Would you explain race to a five-year-old? - Page 2 - Mothering Forums

I think it is very important to explain the difference between ethnicity (which I understand as relating to cultural affiliation and country/region of family orgin) and race (categories defined by physical characteristics which often, inaccurately, are used as synonyms for cultural groups).
Yes, I used the word "race" for this reason. My daughter is aware of cultural differences and languages, but was unaware about the somewhat arbitrary divisions that people use to describe people of different skin tones and hair colors (among other things). Race may be a social construct, but it's one that can be very challenging and divisive, hence the initial question.

One thing I am concerned about is the "guilty white" tendency to romanticize people of other races, especially because there aren't very many AAs around here for my kids to know on a personal level. I want them to be aware of stereotypes and racism, but I also don't want them to think of black people as this poor, down-trodden group that should be treated differently. Does that make sense?
I'm not sure what you meant, so please forgive me in advance if I'm misreading into it.

It depends on what you mean by treated differently.
I'm sure that you're aware that many folks are now taking the stance that because Obama's president, suddenly everyone's on an equal playing field and racism no longer exists. So naturally, when they see that particular racial groups of people ARE still living at a socioeconomic disadvantage- then *certainly* their condition must be due to some internal deficit of character they possess and not due to a legacy of oppression they've inherited.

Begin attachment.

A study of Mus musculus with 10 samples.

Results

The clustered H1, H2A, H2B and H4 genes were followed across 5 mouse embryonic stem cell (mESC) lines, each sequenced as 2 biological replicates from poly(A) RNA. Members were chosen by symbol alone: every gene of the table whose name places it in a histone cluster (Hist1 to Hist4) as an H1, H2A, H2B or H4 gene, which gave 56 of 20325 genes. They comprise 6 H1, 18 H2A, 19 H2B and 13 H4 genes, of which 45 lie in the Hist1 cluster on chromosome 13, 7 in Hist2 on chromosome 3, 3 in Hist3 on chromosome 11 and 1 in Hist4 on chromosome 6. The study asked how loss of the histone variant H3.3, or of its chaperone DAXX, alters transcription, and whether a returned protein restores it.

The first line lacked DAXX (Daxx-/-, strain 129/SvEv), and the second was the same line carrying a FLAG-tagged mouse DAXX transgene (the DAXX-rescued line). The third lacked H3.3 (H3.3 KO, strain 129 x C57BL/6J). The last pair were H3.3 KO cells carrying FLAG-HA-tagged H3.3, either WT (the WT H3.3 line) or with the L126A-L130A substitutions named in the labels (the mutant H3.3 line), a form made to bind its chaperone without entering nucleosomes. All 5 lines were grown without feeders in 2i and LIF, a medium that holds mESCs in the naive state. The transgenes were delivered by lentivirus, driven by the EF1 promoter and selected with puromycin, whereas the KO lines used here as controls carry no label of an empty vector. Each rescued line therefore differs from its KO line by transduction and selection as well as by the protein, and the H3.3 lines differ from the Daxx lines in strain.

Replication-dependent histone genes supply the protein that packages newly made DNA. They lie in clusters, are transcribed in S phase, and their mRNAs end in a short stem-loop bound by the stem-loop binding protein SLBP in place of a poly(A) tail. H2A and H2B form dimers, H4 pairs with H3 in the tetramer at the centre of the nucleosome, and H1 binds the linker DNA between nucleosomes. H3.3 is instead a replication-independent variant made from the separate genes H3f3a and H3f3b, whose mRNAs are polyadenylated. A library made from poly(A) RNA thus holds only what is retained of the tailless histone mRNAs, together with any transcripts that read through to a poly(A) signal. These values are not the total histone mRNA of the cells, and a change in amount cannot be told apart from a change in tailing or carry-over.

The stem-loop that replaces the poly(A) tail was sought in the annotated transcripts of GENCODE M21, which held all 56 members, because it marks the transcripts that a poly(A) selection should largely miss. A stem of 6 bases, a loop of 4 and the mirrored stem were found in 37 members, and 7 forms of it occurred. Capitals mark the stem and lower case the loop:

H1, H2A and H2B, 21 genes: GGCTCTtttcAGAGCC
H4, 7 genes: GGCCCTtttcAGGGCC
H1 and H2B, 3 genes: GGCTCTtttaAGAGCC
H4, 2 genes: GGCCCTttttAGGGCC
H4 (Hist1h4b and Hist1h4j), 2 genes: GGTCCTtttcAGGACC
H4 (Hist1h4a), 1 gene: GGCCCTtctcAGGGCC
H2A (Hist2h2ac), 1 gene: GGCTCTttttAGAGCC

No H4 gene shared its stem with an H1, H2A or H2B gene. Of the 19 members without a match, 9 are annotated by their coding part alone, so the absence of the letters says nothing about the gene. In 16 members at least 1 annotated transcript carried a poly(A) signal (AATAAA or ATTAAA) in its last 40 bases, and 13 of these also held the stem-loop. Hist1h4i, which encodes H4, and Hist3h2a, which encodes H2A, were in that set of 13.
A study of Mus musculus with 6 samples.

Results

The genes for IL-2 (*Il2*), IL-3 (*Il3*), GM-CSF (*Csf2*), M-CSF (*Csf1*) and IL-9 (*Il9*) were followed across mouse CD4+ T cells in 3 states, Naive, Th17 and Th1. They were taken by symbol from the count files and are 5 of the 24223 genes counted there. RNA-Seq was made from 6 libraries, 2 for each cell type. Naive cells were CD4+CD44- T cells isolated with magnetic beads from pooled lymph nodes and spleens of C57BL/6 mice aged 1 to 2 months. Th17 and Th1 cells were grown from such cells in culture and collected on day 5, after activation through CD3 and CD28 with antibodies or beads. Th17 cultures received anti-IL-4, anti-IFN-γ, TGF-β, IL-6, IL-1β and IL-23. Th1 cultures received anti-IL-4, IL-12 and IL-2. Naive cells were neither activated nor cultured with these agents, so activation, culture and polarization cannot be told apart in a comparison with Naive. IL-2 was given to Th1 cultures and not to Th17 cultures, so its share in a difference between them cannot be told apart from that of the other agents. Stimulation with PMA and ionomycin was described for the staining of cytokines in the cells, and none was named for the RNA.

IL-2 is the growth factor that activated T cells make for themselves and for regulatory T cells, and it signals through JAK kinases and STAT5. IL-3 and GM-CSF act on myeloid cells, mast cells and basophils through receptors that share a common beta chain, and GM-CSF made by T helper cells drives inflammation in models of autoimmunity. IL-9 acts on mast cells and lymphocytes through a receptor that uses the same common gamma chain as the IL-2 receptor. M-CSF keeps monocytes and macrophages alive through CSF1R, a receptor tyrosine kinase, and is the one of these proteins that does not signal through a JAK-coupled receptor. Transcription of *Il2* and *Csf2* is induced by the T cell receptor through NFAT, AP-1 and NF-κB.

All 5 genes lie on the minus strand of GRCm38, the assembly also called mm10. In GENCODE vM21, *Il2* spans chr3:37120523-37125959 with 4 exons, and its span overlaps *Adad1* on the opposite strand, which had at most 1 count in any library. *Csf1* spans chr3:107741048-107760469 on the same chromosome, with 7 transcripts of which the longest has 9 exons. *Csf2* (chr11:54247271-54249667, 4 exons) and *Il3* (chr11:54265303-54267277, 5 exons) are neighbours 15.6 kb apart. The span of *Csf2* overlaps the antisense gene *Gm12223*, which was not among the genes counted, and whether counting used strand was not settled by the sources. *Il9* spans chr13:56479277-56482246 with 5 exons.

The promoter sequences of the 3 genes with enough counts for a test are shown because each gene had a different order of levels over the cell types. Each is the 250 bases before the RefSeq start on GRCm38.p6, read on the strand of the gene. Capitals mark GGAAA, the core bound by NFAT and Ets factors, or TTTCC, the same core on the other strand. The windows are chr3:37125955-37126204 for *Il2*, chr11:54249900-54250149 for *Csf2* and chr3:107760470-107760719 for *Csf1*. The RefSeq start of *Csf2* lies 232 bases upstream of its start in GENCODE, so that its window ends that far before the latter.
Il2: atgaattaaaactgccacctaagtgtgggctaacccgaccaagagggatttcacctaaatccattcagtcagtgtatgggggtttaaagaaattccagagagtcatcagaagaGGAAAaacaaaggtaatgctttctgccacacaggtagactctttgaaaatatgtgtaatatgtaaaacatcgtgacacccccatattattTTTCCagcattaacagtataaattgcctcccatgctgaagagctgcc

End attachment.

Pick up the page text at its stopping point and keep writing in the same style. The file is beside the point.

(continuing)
IOW, if you don't acknowledge that these obstacles to social mobility were systemically put in place, then you are in fact strengthening negative stereotypes and racist attitudes.
What you want is to find a balance between treating people as the fellow human beings that they are and having an understanding of the limitations that have been placed on them.

ETA- Acknowledging oppression in other groups doesn't mean that you're expected to feel guilty.
Perhaps not the best example but...
Whenever I encounter an immigrant who doesn't speak English, I usually try to assist them by interpreting for them. I don't do this because I think I'm superior to them nor because I feel guilty in any way, but simply because I know that in this particular area I've had an advantage.

As I stated, this isn't a great example because, of course, there are plenty of African-Americans who are doing socioeconomically very well just as there are immigrants who can manage English just fine. I'm just trying to convey that one doesn't have to feel guilt nor pity in order to acknowledge other people's disadvantages.

I do want to also add that my response focused on African-Americans exclusively because it was in response to your post- which btw I think is the typical direction the conversation takes because of our country's history of slavery. But really the discussion about race should include other races, not just blacks and whites.

7yo: "Mom,I know which man is on a quarter and which on is on a nickel. They both have ponytails, but one man has a collar and the other man is naked. The naked man was our first president."